What are the Most Common Reasons Behind Sewer Backups?

The sewage system is supposed to remove waste and wastewater out of your home and into the sewage treatment facility. When that same sewer system begins to push waste and wastewater back up and into your bathroom, that’s a huge problem. Up next, we are going to take a quick look through some of the most common reasons why sewer backups happen, what kind of risks such a malfunction may pose, and how to prevent them.

Blockage is Always the Cause

Rest assured that as long as there is a sewer backup., the sewer line has one or more blocks. There are several possible reasons as to why a sewer might be blocked of course, but a blockage is universally the core reason why sewers start spewing wastewater back up. What might be blocking your sewer may vary depending on crucial factors such as location, installation quality, and the frequency of sewer inspections.

Tree Roots Penetrate and Block Sewer Lines

Tree roots are always looking for water and a firmer grip inside the ground. Older, bigger trees have extremely powerful and heavy root systems that will crack, break, and even crush the sewer pipes. It’s a long process though, which is why the pipes will develop cracks first. As sewage starts leaking from those cracks and breaks, you will smell it in your garden or the yard well before your toilets start pushing waste back up.

Given enough time, the roots will completely block and damage the sewer pipes, allowing pressure to build up, which will inevitably lead to a sewer backup. This is completely avoidable with regular inspections and necessary maintenance work. Just contact Beehive Plumbing for a sewer inspection and they will guide you on how to proceed.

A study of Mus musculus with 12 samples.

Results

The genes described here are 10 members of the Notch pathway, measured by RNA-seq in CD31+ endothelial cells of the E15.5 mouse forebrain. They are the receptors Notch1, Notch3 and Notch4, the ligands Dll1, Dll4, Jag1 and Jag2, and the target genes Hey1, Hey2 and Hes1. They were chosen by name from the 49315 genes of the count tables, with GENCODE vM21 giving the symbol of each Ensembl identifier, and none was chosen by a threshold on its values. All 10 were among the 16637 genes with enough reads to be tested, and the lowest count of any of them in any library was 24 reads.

Mainline Blockage

If multiple homes in your neighborhood are also experiencing the effects of backed up wastewater, then it could signify a much bigger problem. Generally, this happens when the municipal mainline is all clogged up somewhere and the authorities in charge have not been particularly thorough with their regular sewer inspections and cleanups.

Contact a local plumber to find out what the problem is first. If they confirm it as a municipal blockage, then you will need to inform your local municipality at the earliest. Even though the plumber cannot clean a mainline blockage without municipal permission, they will still be able to offer temporary solutions.

Mud Blocks

Mud blocks can cause sewer backups, but it mostly depends on your location and how much it rains there. In locations where it rains a lot, heavy downpours turn soil into mud. If there are cracks on the sewer pipes, that mud will get inside and over time, create a mud block. Mud blocks are fairly easy to clean, provided that you call for an inspection early on. Like most things, given enough time and a few dry spells, mud can harden and turn into a real nuisance.

Finally, if you are wondering how bad the effects of a sewer backup can be, then you have probably not faced one yet! In addition to the horrible smell, wastewater will start flooding your home soon after. Sewage water and sludge is almost always contaminated with several species of bacterial and parasitic lifeforms, including but not limited to salmonella, shigella, E. coli, streptococcus, pseudomonas aeruginosa, giardia lamblia, coxsackie, mycobacterium, adenovirus, hookworms, and tapeworms to name just a few.